The Blue Ridge Area Food Bank Celebrates 40 Plus Years of Fighting Food Insecurities Throughout the Region
Since 1981, the Blue Ridge Area Food Bank has served the food and nutrition needs of the community throughout the Lynchburg region, aiding Park View Community Mission, the Agape Center, Lynchburg Daily Bread, and Timberlake United Methodist Church. First operated out of a Quonset Hut in Staunton, BRAFB’s first food delivery was a truckload of taco shells and chocolate sauce complemented with a few pallets of USDA cheese.
By the end of the year, BRAFB had distributed 233,000 pounds of food to the hungry through 200 member agencies in 18 counties along the Blue Ridge Mountains. Today, the regional food bank has distributed an incredible 30 million pounds of food as of June 30th.
In 1985, BRAFB opened its Lynchburg-based warehouse, established in the earlier days of national food banking. Originally, the country’s first regional food banks were “responsible for aggregating food from multiple sources and then redistributing that food directly to food pantries and other food programs,” elaborated BRAFB CEO, Michael McKee.
The idea of developing food banks began as the federal government began looking into farm bills, federal nutrition programs, and ways to develop commodity prices, and gave momentum to the idea that the government could utilize food banks to distribute surplus farm commodities and address the issue of food insecurity throughout the nation. When they were first envisioned, food banks were implemented in targeted rural communities, including areas like Staunton, VA, where BRAFB first operated, to help make food accessible in those areas.
At the dawn of the 21st century, food banks began shifting towards providing perishable foods and fresh produce, including as much as “7 to 8 million pounds of fresh produce” according to McKee. Food banks such as BRAFB grew from year to year due to the increasing growth of income inequality, and those circumstances gave food banks an even larger role in 2008 when the sub-prime mortgage crisis struck America, and thousands of families became unemployed.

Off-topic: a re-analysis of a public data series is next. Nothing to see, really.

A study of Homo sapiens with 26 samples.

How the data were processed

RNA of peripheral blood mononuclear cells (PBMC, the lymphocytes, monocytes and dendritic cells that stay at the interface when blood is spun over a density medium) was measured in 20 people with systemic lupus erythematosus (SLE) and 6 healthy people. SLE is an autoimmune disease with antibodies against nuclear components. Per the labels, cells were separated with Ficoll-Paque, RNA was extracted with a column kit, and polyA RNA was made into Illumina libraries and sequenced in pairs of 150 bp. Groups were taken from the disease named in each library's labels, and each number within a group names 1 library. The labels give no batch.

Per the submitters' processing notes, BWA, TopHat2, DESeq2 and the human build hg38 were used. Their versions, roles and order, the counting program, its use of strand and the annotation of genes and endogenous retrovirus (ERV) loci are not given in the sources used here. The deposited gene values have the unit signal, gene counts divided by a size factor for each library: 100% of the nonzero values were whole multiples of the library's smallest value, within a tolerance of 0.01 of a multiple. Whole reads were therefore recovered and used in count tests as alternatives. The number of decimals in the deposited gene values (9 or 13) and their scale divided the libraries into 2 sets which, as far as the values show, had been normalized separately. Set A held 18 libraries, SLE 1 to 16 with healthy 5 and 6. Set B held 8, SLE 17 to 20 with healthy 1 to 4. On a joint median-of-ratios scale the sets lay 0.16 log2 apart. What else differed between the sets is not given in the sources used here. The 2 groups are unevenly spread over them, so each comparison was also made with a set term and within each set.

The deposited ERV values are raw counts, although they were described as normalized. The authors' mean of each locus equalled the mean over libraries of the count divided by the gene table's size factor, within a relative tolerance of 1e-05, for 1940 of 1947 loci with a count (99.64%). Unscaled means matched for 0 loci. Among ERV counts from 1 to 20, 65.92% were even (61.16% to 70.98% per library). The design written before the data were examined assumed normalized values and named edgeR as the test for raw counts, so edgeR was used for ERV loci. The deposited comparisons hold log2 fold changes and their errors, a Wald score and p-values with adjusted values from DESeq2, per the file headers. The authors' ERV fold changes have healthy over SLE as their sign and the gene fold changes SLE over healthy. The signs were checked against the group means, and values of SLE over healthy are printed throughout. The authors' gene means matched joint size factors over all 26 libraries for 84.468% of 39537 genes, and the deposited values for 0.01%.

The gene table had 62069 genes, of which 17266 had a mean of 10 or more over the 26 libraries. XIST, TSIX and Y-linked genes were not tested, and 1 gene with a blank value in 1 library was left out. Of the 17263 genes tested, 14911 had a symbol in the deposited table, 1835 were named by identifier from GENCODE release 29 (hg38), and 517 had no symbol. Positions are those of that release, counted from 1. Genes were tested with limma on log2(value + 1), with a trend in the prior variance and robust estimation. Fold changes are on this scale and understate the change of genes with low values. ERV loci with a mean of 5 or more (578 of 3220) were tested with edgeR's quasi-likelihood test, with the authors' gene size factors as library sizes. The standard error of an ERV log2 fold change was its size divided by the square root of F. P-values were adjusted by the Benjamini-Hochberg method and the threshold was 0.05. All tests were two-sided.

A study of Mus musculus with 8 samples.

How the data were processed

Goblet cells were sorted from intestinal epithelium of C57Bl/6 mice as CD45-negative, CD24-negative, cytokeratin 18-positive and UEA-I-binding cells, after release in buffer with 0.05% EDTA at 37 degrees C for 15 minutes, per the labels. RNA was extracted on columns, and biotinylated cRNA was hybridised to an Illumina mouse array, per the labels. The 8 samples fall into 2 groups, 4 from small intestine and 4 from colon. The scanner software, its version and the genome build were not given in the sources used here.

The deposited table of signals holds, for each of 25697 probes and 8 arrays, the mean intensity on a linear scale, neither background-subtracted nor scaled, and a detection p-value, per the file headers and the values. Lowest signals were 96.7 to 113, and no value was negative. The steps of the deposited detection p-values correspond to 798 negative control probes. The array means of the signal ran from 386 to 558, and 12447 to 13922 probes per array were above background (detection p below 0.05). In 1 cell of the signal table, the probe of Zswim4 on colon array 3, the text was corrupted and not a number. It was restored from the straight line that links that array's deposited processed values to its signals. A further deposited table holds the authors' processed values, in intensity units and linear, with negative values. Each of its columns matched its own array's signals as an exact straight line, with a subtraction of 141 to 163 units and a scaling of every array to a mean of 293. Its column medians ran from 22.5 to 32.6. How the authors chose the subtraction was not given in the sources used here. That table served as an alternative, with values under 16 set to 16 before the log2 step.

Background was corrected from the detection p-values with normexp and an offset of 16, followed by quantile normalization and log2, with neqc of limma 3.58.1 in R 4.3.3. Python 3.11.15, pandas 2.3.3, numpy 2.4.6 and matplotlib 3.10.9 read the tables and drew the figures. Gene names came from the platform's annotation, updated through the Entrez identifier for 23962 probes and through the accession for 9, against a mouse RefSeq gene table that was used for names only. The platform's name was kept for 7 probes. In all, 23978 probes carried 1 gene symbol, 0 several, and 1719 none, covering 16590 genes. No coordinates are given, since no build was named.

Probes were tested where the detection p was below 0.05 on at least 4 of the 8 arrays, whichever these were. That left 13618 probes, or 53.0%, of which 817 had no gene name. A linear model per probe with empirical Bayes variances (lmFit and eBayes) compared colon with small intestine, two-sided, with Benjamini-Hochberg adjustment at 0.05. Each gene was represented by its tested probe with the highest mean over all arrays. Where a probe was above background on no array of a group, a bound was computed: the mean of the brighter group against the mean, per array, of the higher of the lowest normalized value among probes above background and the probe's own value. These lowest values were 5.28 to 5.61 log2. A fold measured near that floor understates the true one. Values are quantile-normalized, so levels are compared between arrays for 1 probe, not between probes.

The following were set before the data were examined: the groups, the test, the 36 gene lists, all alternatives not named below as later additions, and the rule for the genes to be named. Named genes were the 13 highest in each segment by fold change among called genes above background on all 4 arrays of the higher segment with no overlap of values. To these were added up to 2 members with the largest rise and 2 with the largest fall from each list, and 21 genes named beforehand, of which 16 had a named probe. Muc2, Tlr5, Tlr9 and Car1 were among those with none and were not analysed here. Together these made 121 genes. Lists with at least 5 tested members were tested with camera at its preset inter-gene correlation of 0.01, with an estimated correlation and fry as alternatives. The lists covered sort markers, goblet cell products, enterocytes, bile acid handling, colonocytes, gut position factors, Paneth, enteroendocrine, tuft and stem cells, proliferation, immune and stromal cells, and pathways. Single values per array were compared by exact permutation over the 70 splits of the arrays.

Twelve years later, BRAFB played an even more important role in serving the nutrition needs of the Lynchburg region when the COVID-19 pandemic struck. While the food bank serves an average of approximately 118,000 individuals per month, that number was as high as 140,000 in May of 2020, near the height of the pandemic. “The pandemic challenged more severely and in more complicated ways than anything else in our history,” explained McKee, but also noted that BRAFB was “fortunate” because the pandemic hit the area more slowly than other areas of the country, forcing only 8% of the food bank’s pantries to close, allowing them to continue serving the community.
Today, Blue Ridge Area Food Bank is partnering with seven regional sister food banks to create a statewide equity initiative in the hopes of improving ways to connect individuals in the Lynchburg region who are “food insecure,” and who also need better access to quality healthcare services. Through grants, the food bank will provide more than $2 million across its partner network by helping them improve their pantry spaces, building out walk-in coolers, and acquiring trucks and vans to provide home deliveries.
“Over the last 40 years, the food bank has moved towards deeper partner engagement, capacity, and capability development of our network,” explained Tyler Herman, BRAFB’s director of partner engagement. “There are a lot of reasons as to why there was such resiliency during the pandemic, but we believe a part of that was deeper investment in relationships, providing the resources, allocating funding for cold storage, technology, and training that really deepened relationships with our partners and created synergy as this collective network of food assistance providers across our service area,” Herman concluded.
BRAFB’s yearly contributions to the community throughout the Lynchburg region, numbering in the millions of pounds of food, wouldn’t be possible without donations from members of that same community. For more information about how to donate, click HERE.
To view upcoming volunteer opportunities and events, view The Blue Ridge Area Food Bank’s page on SHARE Greater Lynchburg HERE.